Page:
Worried About a Housing-Induced Recession? Buy These 2 TSX REITs

Buying properties for investment purposes might not be a good idea right now. Due to the ongoing correction, the real estate market in Fall 2022 won’t be robust compared to recent years. Demand, sales, and prices are falling due to multiple rate hikes by the Bank of Canada.

Economists fear that more rate hikes before year’s end could lead to a housing-induced recession. On the investment front, market analysts worry about the impact of current events on real estate investment trusts (REITs). However, two TSX REITs could survive a potential downturn and thrive moving forward.

Capitalizing on a secular trend

Allied Properties (TSX:AP.UN) is a unique option for investors because it capitalizes on demographic and technological changes in the commercial real estate industry. Urban intensification, in particular, is a dominant secular trend. It aims to be the leading owner, manager, and developer of urban workspaces in Canada’s major cities and Toronto’s network-dense urban data centres (UDCs).

The $3.97 billion REIT has over 200 distinctive urban properties. Its President and CEO, Michael Emory, said the impact of rising interest rates and inflation on operations and development completions have been negligible thus far in 2022. Management intends to grow the business, not shrink it, despite the macroeconomic uncertainty.

In Q2 2022, rental revenue grew 11.35% to $154.41 million versus Q2 2021, while net income increased 1.54% year-over-year to $100 million. Notably, rent growth on renewing space climbed 5.7% from a year ago. As of June 30, 2022, the occupied area of the total portfolio is 89.5%, and the average remaining lease term is 5.5 years.

Allied Properties foresees commercial real estate as an integral part of a much larger infrastructure ecosystem. As a city builder, the REIT’s primary strategy is to consolidate and intensify distinctive urban workspace and network-dense UDCs in Canada’s major cities. If you invest today ($31.09 per share), the real estate stock pays an attractive 5.5% dividend.  

Strengthening market position

RioCan (TSX:REI.UN) is primarily retail-focused, but the tenant mix is evolving to be essential, resilient, and synergistic. Management said the team is forward-looking, anticipates trends, and adapts its property portfolio to strengthen its market position. Thus, there’s been an increase in mixed-use properties in its portfolio.

The $6.16 billion REIT has 202 properties (retail, residential, and mixed-use) in six major markets in Canada. In the first half of 2022, net income fell 5.35% year-over-year, although rental revenue (4.86%) and net operating income (1.82%) had positive gains. Other encouraging signs after Q2 2022 include the 97.2% committed occupancy rate and the 93.3% retention ratio that exceeded pre-pandemic levels.  

Another important component of RioCan’s long-term growth strategy is its development program. The projects it will undertake are a mix of urban intensification, greenfield development, and expansion & development. As of this writing, the share price is $19.94, while the dividend yield is a healthy 5.03%.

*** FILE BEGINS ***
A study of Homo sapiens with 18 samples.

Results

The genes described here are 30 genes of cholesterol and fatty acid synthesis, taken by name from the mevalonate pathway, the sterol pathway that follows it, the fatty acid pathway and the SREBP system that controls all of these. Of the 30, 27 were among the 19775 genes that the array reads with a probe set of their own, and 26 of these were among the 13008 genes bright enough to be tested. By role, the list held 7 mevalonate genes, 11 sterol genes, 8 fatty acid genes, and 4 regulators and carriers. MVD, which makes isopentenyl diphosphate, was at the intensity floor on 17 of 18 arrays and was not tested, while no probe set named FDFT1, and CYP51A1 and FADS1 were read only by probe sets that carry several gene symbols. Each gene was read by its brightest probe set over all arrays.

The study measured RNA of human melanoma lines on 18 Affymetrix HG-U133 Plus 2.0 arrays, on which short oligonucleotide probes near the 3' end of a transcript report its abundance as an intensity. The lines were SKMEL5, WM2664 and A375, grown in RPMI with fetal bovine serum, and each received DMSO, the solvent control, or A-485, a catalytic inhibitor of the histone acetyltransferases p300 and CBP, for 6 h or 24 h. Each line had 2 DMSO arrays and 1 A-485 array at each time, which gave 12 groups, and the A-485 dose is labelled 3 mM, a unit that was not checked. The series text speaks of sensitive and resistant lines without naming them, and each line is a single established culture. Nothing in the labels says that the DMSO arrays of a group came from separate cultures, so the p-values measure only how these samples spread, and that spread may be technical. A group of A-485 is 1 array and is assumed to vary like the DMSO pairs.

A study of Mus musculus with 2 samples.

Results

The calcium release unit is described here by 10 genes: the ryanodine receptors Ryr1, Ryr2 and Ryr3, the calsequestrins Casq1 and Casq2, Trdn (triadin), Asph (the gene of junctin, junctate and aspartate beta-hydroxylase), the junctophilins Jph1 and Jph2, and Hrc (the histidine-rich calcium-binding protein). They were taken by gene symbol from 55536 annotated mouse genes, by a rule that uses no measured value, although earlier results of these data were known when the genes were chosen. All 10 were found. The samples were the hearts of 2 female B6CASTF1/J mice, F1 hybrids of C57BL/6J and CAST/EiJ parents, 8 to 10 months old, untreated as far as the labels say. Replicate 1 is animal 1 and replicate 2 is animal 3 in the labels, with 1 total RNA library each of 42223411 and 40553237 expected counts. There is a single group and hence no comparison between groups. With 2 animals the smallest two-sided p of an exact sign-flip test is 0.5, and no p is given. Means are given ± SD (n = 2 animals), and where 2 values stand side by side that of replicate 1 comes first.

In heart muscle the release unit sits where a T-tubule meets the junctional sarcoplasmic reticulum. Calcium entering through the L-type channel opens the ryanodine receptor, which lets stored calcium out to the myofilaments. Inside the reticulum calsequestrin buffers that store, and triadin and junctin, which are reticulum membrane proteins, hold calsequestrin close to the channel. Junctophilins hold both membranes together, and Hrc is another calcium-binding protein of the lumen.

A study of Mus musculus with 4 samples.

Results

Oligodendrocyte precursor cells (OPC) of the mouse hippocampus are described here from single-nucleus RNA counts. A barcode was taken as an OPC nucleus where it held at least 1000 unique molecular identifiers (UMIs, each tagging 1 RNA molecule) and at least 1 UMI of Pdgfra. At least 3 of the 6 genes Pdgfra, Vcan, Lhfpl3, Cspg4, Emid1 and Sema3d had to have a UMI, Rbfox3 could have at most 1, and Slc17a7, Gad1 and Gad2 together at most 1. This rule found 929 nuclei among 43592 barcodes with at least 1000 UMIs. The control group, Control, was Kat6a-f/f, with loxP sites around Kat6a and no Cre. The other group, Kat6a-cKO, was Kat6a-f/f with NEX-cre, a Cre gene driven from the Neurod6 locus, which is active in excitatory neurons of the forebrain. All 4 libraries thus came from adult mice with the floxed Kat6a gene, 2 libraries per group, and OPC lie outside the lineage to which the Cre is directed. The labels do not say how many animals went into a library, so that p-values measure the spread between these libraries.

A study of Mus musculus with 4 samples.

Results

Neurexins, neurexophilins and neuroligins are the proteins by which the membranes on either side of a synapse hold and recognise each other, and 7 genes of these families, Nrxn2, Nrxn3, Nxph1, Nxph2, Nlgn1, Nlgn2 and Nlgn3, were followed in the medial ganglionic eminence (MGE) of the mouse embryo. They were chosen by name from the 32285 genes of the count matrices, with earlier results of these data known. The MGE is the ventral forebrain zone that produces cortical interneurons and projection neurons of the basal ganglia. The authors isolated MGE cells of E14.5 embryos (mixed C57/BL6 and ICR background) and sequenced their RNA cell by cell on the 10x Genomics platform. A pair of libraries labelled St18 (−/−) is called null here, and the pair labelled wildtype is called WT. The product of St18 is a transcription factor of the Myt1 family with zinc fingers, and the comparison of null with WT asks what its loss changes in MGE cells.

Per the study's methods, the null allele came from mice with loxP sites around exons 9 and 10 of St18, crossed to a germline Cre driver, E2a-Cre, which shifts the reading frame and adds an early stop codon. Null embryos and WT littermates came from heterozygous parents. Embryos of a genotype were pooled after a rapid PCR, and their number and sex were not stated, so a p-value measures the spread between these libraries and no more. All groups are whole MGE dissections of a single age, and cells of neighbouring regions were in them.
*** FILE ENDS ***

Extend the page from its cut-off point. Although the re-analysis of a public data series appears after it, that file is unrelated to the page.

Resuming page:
Monthly dividends

Allied Properties is well-positioned for the changing business environment, while RioCan is undergoing redevelopment to create and enhance shareholder value. The recurring monthly dividends from either REIT can take the place of rental income from an investment property, with much less risk.

The post Worried About a Housing-Induced Recession? Buy These 2 TSX REITs appeared first on The Motley Fool Canada.

Should You Invest $1,000 In Allied Properties Real Estate Investment Trust?

Before you consider Allied Properties Real Estate Investment Trust, you’ll want to hear this.

Our market-beating analyst team just revealed what they believe are the 5 best stocks for investors to buy in September 2022 … and Allied Properties Real Estate Investment Trust wasn’t on the list.

The online investing service they’ve run for nearly a decade, Motley Fool Stock Advisor Canada, is beating the TSX by 21 percentage points. And right now, they think there are 5 stocks that are better buys.

See the 5 Stocks
* Returns as of 9/14/22

(function() {
function setButtonColorDefaults(param, property, defaultValue) {
if( !param || !param.includes(‘#’)) {
var button = document.getElementsByClassName(“pitch-snippet”)[0].getElementsByClassName(“pitch-button”)[0];
button.style[property] = defaultValue;
}
}

setButtonColorDefaults(“#5FA85D”, ‘background’, ‘#5FA85D’);
setButtonColorDefaults(“#43A24A”, ‘border-color’, ‘#43A24A’);
setButtonColorDefaults(“#fff”, ‘color’, ‘#fff’);
})()

More reading

Fool contributor Christopher Liew has no position in any of the stocks mentioned. The Motley Fool has no position in any of the stocks mentioned. The Motley Fool has a disclosure policy.